Discovering Hidden Assets During Divorce

Many people facing divorce will try to hide assets to prevent them from being distributed in the settlement. This is especially common in high-net-worth divorces. The National Endowment for Financial Education estimates that 2 out of 3 divorces involve hidden assets. Digital technology makes it more difficult to hide assets than in the past, but plenty of people still try. Learn what you can do to uncover assets your spouse may have hidden from you.

Privacy Laws

While electronic sources or GPS monitoring may be a tempting place to begin your investigation, you should be aware of privacy laws. Violating these laws can result in your findings being inadmissible in court, and you may face legal action. Consult your attorney about what you are allowed to do, and where you can turn for help uncovering hidden assets. You may be able to use a forensic accountant or private investigator to help with your search.

Privacy laws can be tricky. You are able to search public information, such as a Google search or what they post to their social media accounts. The line becomes less clear when it comes to reading text messages, digging through internet browsing histories, or using GPS tracking on the car they drive. Unless you are able to prove sole ownership of the vehicle, computer, or mobile device, your snooping could break privacy laws. Logging into any banking, social media, email, or other private accounts also can constitute a violation of privacy laws.

What Can You Do?

Directly looking for the information by checking accounts, messages, and other sources can land you in legal trouble, but what are you able to do? You can request a "discovery process," in which your attorney can gather information about your spouse's finances in court. There are several methods to use in the discovery process, including:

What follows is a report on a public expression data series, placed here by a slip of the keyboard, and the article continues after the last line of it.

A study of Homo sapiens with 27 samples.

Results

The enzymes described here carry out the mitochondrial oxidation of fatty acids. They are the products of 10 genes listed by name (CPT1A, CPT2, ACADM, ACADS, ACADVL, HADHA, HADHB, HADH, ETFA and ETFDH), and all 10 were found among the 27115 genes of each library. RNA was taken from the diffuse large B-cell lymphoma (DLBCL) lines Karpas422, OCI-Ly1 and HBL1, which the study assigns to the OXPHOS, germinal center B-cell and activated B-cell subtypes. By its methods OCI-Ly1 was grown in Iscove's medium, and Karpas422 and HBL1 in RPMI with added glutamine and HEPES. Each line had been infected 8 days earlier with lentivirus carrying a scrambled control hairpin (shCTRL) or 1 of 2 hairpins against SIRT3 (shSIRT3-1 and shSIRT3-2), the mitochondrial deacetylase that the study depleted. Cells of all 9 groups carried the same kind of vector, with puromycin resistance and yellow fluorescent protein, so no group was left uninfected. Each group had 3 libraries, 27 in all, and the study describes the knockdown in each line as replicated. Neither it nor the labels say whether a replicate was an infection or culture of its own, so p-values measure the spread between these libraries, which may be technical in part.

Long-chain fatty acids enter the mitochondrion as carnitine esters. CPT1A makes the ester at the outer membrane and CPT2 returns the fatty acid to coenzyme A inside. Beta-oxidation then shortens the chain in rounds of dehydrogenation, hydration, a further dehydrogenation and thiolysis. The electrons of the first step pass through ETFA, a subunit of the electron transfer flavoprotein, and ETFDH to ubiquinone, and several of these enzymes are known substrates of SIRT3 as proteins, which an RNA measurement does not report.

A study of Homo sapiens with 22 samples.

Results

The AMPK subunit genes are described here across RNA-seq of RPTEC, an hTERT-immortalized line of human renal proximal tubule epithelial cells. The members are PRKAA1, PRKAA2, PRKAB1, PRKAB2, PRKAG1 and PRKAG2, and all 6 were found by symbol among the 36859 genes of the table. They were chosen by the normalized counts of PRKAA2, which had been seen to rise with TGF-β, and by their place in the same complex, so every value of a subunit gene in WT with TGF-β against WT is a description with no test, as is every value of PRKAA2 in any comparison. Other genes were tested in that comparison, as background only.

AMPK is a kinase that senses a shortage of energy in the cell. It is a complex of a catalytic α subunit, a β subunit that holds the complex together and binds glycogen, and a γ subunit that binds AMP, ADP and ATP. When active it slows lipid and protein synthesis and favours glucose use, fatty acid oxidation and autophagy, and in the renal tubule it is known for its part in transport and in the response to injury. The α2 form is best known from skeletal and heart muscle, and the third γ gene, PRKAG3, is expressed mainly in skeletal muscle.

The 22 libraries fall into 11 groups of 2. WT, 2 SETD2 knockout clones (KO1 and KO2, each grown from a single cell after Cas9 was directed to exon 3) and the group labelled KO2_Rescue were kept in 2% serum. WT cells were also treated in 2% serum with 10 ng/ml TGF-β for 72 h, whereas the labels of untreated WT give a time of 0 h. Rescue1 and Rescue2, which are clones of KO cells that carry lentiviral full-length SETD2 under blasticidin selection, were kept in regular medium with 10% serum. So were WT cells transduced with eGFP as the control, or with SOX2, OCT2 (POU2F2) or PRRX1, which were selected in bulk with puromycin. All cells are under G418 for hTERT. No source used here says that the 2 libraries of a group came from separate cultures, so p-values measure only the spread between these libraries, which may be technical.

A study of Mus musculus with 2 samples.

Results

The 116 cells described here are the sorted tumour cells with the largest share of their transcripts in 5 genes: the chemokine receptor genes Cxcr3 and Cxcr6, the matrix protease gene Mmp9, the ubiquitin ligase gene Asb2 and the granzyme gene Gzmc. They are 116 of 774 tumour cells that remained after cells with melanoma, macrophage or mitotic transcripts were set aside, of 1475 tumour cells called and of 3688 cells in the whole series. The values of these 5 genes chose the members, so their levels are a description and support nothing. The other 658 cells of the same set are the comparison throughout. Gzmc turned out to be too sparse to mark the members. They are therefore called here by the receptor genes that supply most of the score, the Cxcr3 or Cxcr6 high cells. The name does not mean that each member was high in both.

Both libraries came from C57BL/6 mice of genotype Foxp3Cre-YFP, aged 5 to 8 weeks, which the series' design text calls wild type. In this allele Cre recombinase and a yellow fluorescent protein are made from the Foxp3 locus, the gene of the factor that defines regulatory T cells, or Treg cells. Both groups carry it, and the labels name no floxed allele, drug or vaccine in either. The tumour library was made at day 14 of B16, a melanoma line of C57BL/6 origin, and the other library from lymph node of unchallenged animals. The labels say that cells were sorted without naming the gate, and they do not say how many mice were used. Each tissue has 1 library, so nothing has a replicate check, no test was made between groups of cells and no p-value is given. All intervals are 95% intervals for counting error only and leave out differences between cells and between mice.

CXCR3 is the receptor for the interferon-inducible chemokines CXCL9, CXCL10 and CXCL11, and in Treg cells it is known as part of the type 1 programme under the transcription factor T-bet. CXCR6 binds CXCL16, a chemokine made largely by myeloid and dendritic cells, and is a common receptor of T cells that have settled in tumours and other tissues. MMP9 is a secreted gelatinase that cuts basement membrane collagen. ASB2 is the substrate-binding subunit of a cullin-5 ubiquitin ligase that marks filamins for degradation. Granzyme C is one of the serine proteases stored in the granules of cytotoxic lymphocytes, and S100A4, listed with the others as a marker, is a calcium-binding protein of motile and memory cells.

• Document demands. Your attorney can ask for specific documents, such as tax returns, financial statements, loan applications, or account records.
  • Interrogatories of requests for admission. Your spouse must answer specific questions or admit specific statements in writing.
  • Inspection demands. Your lawyer can request to inspect property, including real estate, safe deposit boxes, or collections.
  • Testimony given under oath. An oral deposition will take place in front of a court reporter, and your spouse must truthfully answer questions asked by your lawyer.

The discovery process can be used to legally gain access to private information that your spouse may try to hide. The court can compel your spouse to cooperate with proceedings, and can impose punishments for failing to obey. The discovery process can also be especially helpful for questioning a dishonest spouse, as lying under oath can result in perjury charges. Your attorney should know what questions to ask to get the most information, but you should wait to begin the deposition until you have financial records to examine. This can give you clues as to what questions need to be asked.

A forensic accountant can be especially helpful to examine financial records and uncover clues that other assets are being withheld. Forensic accountants are trained to look for issues in financial records, and can use the data provided to find evidence of fraud or other unethical practices. They also can construct a representation of your spouse's real income, called imputing income.

Your Lawyer's Role

Your attorney leads your divorce team. They help to guide your decisions, ask questions, help you find other professionals to provide information, and can help you understand the legal process of your divorce. When choosing a lawyer to represent you, you should ensure they have the necessary experience to handle your case. Ask them about their experience uncovering hidden assets, handling high-net-worth divorces, or any other situations that may apply to your case.

Do you suspect that your spouse is hiding assets from you? Our tenacious Glen Allen divorce attorneys can help you uncover these assets and gain your rightful settlement. Our team has over 50 years of collective experience fighting for our clients. Contact DeFazio Bal today to schedule a consultation.